Objective: To develop a validated measure of professionals’ attitudes towards clinical adverse event reporting (CAER).
Design: Cross-sectional survey with follow-up.
Participants: 201 doctors and nurse/nurse-midwives undergoing postqualification training in Leeds, York and Hull Universities in 2003.
Materials: A questionnaire which comprised 73 items extracted from interviews with professionals; a second, statistically reduced version of this questionnaire.
Results: The analysis supported a 25-item questionnaire comprising five factors: blame as a consequence of reporting (six items); criteria for reporting (six items); colleagues’ expectations (six items); perceived benefits of reporting events (five items); and clarity of reporting procedures (two items). The resulting questionnaire, the Reporting of Clinical Adverse Effects Scale (RoCAES), had satisfactory internal consistency (Cronbach’s α = 0.83) and external reliability (Spearman’s correlation = 0.65). The construct validity hypothesis—doctors have less positive attitudes towards CAER than nurses—was supported (t = 5.495; p<0.0001).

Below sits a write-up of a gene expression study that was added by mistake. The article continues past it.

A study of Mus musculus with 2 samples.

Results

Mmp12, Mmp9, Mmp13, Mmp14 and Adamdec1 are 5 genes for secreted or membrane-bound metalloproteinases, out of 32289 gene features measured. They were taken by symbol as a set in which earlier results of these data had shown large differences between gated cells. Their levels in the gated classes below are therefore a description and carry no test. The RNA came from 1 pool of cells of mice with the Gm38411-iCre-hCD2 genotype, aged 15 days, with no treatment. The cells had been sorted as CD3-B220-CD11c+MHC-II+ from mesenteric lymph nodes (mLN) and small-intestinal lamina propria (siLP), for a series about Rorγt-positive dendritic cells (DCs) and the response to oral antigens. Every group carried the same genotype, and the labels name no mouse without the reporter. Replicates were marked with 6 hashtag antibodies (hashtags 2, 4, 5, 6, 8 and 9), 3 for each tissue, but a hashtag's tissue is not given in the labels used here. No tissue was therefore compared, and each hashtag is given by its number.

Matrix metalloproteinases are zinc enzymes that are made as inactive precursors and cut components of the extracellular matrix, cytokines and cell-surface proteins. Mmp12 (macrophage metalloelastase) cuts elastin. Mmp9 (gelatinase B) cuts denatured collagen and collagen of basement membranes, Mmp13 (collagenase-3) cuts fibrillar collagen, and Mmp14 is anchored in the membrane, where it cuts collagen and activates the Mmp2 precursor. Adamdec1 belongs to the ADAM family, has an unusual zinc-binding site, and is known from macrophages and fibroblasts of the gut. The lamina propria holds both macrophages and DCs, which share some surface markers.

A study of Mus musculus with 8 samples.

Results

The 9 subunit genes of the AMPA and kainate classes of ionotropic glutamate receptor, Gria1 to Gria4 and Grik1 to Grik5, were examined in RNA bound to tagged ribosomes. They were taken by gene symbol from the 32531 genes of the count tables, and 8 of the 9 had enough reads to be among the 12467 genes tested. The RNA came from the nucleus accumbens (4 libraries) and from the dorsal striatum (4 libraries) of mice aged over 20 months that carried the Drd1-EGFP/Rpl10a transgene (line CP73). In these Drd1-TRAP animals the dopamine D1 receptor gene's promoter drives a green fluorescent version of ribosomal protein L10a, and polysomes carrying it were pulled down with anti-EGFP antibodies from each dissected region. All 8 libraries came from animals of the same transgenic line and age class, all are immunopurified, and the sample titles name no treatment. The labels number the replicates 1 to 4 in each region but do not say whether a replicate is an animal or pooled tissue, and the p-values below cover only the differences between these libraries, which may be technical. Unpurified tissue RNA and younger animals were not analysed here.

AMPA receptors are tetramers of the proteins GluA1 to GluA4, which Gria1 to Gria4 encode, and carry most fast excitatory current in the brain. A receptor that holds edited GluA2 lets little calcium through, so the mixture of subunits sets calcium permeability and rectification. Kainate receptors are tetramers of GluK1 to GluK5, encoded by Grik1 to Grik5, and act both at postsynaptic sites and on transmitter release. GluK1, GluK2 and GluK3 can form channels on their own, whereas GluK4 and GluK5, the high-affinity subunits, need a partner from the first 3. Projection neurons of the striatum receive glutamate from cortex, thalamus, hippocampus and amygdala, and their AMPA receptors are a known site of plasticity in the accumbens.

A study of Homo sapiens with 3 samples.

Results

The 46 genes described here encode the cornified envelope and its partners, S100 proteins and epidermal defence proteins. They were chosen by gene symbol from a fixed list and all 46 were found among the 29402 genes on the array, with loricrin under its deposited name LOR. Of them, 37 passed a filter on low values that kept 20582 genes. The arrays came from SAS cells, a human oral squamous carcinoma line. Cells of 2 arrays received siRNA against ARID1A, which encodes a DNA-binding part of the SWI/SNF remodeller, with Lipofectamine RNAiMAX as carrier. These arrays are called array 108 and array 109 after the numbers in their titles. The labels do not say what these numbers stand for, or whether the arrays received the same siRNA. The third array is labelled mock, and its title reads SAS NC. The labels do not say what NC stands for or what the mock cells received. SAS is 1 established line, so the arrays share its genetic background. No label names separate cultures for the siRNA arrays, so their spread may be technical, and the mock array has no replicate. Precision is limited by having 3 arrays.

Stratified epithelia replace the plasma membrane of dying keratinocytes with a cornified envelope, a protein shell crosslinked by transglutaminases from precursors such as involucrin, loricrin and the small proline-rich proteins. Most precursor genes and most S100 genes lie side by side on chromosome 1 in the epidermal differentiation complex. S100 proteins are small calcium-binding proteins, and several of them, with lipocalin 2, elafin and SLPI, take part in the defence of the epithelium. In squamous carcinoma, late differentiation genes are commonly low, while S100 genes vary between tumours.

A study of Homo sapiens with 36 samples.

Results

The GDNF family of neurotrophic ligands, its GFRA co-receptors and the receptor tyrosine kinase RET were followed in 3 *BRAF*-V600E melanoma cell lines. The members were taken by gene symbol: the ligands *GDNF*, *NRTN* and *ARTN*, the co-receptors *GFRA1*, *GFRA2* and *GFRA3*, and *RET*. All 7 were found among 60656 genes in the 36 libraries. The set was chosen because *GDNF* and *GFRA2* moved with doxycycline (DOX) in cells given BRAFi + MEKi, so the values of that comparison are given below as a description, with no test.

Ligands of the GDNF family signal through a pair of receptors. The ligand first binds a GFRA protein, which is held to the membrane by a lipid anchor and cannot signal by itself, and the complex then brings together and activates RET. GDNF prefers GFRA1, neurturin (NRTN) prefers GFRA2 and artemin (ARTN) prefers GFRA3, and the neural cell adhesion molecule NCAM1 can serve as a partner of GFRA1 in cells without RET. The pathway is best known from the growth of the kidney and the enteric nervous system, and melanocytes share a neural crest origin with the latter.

Conclusion: Initial development of an evidence-based, psychometrically rigorous measure of attitudes towards CAER has been reported. Following additional testing, RoCAES may be used to systematically elicit professionals’ views about, and inform interventions to improve, reporting behaviour.
Competing interests: None.
Ethics approval: Approval was obtained from module tutors to contact students in their classes. Local ethics committee approval was not required, as the study was undertaken in August/September 2003 with a student sample.
Contributors: BW (Guarantor); HLB; FF—each fulfils the criteria of authorship as laid out in the uniform requirements for manuscripts submitted to medical journals. No other person or persons fulfil this requirement.